The earned income tax credit (EITC) is not for every taxpayer. As your income increases, the credit is reduced and it is phased out at an income level. The earned income credit is a refundable tax credit that an eligible individual may claim based on a percentage of the individual’s earned income and the number of dependents who are qualifying children. To qualify for the earned income credit some requirements must be met.

For tax year 2023, taxpayers must have earned income under $63,698 for the tax year. Earned income includes wages, salaries, tips, net earnings from self employment, other employee compensation. Taxpayers investment income must be less than $11,000. Earned income, generally, does not include:

  • Alimony
  • Child support
  • Social Security
  • Interest and dividends
  • Pensions or annuities
  • Unemployment benefits
  • Pay you received for work when you were an inmate in a penal institution

It is not accurate when a tax preparer, an advertising material, a family member, a friend, or acquaintance claims that you get a specific amount for your child or children. The amount of the credit is based on the taxpayer’s specific tax and financial situation. The 2023 income limit is:

  • 56,838 ($63,698 married filing jointly) with three or more qualifying children.
  • $52,918 ($59,478 married filing jointly) with two qualifying children.
  • $46,560 ($53,120 married filing jointly) with one qualifying child.
  • $17,640 ($24,210 married filing jointly) with no qualifying children.
  • Investment income must be $11,000 or less

The children must meet 4 tests: 1) the relationship test: son, daughter, stepchild, adopted child or foster child, brother, sister, half-brother, half-sister, stepsister or stepbrother, grandchild, niece or nephew; 2) the age test: under age 19 at the end of the year, any age and permanently and totally disabled at any time during the year, under age 24 at the end of the year and a full-time student for at least 5 months of the year , 3) the residency test: your child must live in the same home as you in the United States for more than half of the tax year, and 4) the joint return test: If your child can file a joint return with another person, like their husband or wife, you may not be able to claim them.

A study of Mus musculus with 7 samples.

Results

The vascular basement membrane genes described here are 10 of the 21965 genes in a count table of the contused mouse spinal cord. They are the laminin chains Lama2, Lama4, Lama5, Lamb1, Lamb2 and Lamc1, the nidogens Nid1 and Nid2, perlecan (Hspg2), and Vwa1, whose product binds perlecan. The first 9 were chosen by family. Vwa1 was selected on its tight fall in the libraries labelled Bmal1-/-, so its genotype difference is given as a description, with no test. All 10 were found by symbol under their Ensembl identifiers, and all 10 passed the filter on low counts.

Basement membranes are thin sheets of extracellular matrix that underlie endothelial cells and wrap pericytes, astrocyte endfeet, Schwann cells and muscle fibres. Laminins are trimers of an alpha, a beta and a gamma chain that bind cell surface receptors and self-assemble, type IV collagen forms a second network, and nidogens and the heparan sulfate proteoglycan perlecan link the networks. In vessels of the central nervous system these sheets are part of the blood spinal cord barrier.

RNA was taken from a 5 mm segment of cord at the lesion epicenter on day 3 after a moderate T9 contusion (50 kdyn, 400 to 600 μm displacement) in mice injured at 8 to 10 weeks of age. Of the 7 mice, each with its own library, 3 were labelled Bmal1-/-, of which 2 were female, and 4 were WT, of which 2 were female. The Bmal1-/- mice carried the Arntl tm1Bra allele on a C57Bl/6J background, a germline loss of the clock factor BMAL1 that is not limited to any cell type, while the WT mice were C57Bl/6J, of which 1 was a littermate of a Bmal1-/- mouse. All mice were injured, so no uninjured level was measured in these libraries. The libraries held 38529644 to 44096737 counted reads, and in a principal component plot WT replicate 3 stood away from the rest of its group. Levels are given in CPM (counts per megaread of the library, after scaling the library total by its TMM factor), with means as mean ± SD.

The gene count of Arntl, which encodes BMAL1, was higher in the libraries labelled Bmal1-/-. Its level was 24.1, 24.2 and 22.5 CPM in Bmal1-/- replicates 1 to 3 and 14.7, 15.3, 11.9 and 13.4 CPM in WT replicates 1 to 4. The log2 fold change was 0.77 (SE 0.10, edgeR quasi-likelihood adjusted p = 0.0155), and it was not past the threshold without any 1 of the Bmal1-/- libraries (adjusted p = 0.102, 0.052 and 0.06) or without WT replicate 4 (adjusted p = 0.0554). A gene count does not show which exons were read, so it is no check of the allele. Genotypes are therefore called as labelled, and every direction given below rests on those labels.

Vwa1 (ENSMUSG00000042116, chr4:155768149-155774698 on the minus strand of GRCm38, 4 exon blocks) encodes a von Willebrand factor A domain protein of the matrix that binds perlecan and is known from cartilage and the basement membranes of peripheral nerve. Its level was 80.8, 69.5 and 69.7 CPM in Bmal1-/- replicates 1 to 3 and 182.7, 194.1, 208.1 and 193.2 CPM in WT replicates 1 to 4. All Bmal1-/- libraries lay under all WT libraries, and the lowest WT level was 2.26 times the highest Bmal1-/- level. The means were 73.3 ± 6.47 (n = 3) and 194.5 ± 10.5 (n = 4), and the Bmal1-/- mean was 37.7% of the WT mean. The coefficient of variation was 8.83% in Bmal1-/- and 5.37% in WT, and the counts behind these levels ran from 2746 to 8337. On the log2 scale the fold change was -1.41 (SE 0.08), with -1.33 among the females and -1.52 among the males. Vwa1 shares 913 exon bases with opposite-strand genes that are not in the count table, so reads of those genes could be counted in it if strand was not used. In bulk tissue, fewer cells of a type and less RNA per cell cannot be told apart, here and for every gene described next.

• $11 to $7,430 with three or more qualifying children
  • $10 to $6,604 with two qualifying children
  • $9 to $3,995 with one qualifying child
  • $4 to $600 with no qualifying children

Taxpayers must be a US Citizen or a resident alien. Each individual in the tax return must have a valid social security number to claim the earned income credit. An individual taxpayer identification number (ITIN) or adoption taxpayer identification number (ATIN) may not be used. There are some special rules for military members, clergy members, and taxpayers and their relatives with disabilities.

Taxpayers should be alert by looking for any schedule A, schedule C on their tax return if they are not self-employed and did not receive a Form 1099. Tax returns with schedule A and schedule C face more scrutiny.

The statute of limitations is 3 years for most of the cases where taxpayers illegally claim the EITC.

Statistics from the Internal Revenue Service show that as of December 2023, more than 23 million workers and families received about $57 billion in EITC. The average amount of EITC received nationwide in tax year 2022 was about $2,541. However, the same statistics reveal that many of taxpayers in the category listed below did not take advantage of the earned income tax credit:

  • Living in rural areas
  • Self-employed
  • Receiving certain disability pensions or have children with disabilities 
  • Without a qualifying child
  • Not proficient in English
  • Grandparents raising their grandchildren
  • Recently divorced, unemployed or experienced other changes to their marital, financial or parental status 

 Hiring a tax resolution expert is the best action a taxpayer could take in a tax matter before the IRS or a state tax authority. 

We offer FREE initial consultation!!!